What has Covid-19 pandemic taught you?
Well , on one informal staff chat , a colleague asked what I do for fun, now that everyone works from home. That was not an easy question to crack. You see, when all this happened, I sought to stay at my rural home, atleast where I would be safe ,enjoy milk and honey as we wait for the predicament to pass.
On the other hand , I was excited that it would be an opportunity to work out and probably learn some other techniques. The word fun was somehow puzzling, not because I lacked something to do for fun, but because it was a busy season , graced with heavy rains. This would only mean to sharpen our hoes and machetes and prepare for the planting season. For this part of the world, farming is one of the major economic activity and you just don’t take planting season for granted. This period has taught me the importance of food security and the need to have them in plenty, enough to feed the nation (pun intended).
Growing food is such an interesting venture, which I would have never known , back when I was a teenager. Going to the shamba used to seem like a punishment , but right now it makes sense! I think the realization comes with age!
Oh well , this period has made me to enjoy passion fruit farming , goat rearing and gardening, just to mention a few.
Passion Fruit Farming
For some years now , farmers in some parts of the northrift area have sought to venture into passion fruit farming , minting great fortunes from the tropical fruit. However , due to the Pandemic , many farmers have been affected due to the drop in the retail price of the fruit.
On good days , a Kilogramme of passion fruits ranges from ksh 65-80-100 in some places . On average days, it ranges from Ksh 50-65 per Kilogramme , while on lower scale , as it has been witnessed by Covid-19, it retails at Ksh 30- 40 per Kilogramme , or even below that.
Growing passion fruit vines takes 4-6 months, depending on the region and availability of water/rain and correct temperatures.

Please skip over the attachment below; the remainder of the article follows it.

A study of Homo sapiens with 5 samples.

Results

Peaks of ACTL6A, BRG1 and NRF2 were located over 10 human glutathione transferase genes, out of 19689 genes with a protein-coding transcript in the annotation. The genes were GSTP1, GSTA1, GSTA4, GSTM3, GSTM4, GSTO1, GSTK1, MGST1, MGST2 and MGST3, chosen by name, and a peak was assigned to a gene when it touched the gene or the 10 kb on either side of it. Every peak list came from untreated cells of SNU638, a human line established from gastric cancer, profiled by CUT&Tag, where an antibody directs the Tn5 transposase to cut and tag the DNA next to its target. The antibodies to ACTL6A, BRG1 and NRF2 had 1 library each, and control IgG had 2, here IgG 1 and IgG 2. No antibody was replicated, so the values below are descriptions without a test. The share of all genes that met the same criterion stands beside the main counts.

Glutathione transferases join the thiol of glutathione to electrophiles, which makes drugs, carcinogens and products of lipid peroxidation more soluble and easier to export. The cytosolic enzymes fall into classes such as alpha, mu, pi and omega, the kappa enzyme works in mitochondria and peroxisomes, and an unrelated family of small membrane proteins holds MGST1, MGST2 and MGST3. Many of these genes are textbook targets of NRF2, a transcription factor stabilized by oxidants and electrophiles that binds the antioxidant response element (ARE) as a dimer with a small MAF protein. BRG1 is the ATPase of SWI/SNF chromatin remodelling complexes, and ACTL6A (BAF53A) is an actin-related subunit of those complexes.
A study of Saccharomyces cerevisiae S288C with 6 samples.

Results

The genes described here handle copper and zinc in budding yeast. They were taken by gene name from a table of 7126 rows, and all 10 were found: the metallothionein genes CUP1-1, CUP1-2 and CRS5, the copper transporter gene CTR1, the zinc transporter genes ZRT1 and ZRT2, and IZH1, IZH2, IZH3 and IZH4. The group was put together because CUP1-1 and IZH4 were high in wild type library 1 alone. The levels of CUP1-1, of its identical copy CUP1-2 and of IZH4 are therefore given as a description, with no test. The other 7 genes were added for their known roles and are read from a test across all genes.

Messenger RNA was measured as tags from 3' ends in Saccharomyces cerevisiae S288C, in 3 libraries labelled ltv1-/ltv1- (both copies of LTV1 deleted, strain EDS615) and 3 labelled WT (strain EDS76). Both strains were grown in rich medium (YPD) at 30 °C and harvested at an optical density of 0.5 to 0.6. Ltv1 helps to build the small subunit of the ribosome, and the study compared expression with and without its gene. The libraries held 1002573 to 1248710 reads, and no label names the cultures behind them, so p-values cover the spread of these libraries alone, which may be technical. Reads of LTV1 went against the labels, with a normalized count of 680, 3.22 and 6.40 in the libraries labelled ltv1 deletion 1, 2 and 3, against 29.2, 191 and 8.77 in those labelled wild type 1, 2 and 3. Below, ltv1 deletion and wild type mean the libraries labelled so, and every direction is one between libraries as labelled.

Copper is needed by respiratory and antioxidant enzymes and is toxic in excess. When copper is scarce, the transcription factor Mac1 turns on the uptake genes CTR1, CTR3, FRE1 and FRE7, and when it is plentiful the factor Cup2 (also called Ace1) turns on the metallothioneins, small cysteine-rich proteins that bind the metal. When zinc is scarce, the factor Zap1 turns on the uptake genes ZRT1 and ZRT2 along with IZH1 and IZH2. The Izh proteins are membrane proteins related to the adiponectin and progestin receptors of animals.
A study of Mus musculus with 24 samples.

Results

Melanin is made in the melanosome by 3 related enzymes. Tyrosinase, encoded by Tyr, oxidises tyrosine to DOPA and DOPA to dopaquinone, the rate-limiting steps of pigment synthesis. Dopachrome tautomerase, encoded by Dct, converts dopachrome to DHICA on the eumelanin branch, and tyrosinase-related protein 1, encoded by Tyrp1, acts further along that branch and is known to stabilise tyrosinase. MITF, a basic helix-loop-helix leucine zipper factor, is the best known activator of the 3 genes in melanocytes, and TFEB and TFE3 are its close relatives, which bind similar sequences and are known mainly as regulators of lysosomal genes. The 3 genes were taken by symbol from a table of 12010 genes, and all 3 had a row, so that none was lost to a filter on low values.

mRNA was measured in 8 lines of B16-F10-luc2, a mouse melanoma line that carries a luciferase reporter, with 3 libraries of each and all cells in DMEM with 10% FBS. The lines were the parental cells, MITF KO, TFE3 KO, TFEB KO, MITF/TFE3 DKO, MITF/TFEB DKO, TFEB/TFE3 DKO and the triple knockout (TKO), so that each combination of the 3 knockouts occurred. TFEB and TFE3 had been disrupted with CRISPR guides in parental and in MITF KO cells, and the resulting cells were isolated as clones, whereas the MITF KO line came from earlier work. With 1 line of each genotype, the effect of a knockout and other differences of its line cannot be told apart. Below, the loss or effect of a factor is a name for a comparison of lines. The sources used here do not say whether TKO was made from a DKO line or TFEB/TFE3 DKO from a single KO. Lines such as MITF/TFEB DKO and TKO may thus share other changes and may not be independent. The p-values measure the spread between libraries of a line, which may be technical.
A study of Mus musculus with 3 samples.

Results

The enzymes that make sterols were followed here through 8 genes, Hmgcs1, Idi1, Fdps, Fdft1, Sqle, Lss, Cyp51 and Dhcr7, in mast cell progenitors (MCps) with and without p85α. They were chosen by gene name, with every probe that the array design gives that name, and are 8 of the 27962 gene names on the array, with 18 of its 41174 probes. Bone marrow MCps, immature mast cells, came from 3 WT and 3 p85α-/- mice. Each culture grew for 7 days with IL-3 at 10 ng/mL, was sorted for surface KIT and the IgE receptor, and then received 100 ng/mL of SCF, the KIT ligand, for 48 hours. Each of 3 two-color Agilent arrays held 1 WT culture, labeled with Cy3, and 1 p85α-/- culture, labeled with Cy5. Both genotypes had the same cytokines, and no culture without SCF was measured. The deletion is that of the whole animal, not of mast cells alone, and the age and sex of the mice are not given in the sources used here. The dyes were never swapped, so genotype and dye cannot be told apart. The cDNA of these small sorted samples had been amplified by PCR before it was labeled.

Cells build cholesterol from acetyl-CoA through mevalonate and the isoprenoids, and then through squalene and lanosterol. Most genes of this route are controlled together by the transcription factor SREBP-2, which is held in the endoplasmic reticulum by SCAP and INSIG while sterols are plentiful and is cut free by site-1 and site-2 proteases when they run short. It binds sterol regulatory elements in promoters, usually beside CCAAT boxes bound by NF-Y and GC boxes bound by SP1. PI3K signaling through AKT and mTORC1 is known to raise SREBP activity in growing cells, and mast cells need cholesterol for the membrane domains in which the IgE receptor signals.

Passion fruit seedlings costs between Ksh 5- 10 for local breed, but for grafted seedlings, it costs more , depending with the type.
While I will not go to the nitty gritties of how it is grown, some notable challenges includes ;
- Destruction of flowers by birds. This is a major challenge , since birds can heavily destroy flowers, which you may end up with no fruit. To keep the birds away, some traditional methods such as using scare crows can be used , or manually/physically chasing the birds.
- Sagging of supporting poles/wires. Heavy vines usually results to sagging of wires and poles used to support. You therefore need regular check up and also use strong poles.
- Regular weeding and spraying to prevent blight and other diseases.
- The buying price is determined by middle men/ brokers.
Passion fruits are among the top products exported from Kenya. Tapping into the potential of the fruit, farmers from the northrift region can produce tonnes of passion fruits and benefit more from it. The good thing with passion fruit farming , is that you can harvest once or twice a week, depending with the size of land. This surpasses maize farming , which the prices have been relatively low for the past few years.
In the coming blog, I will share some tips (if any) of Goat farming.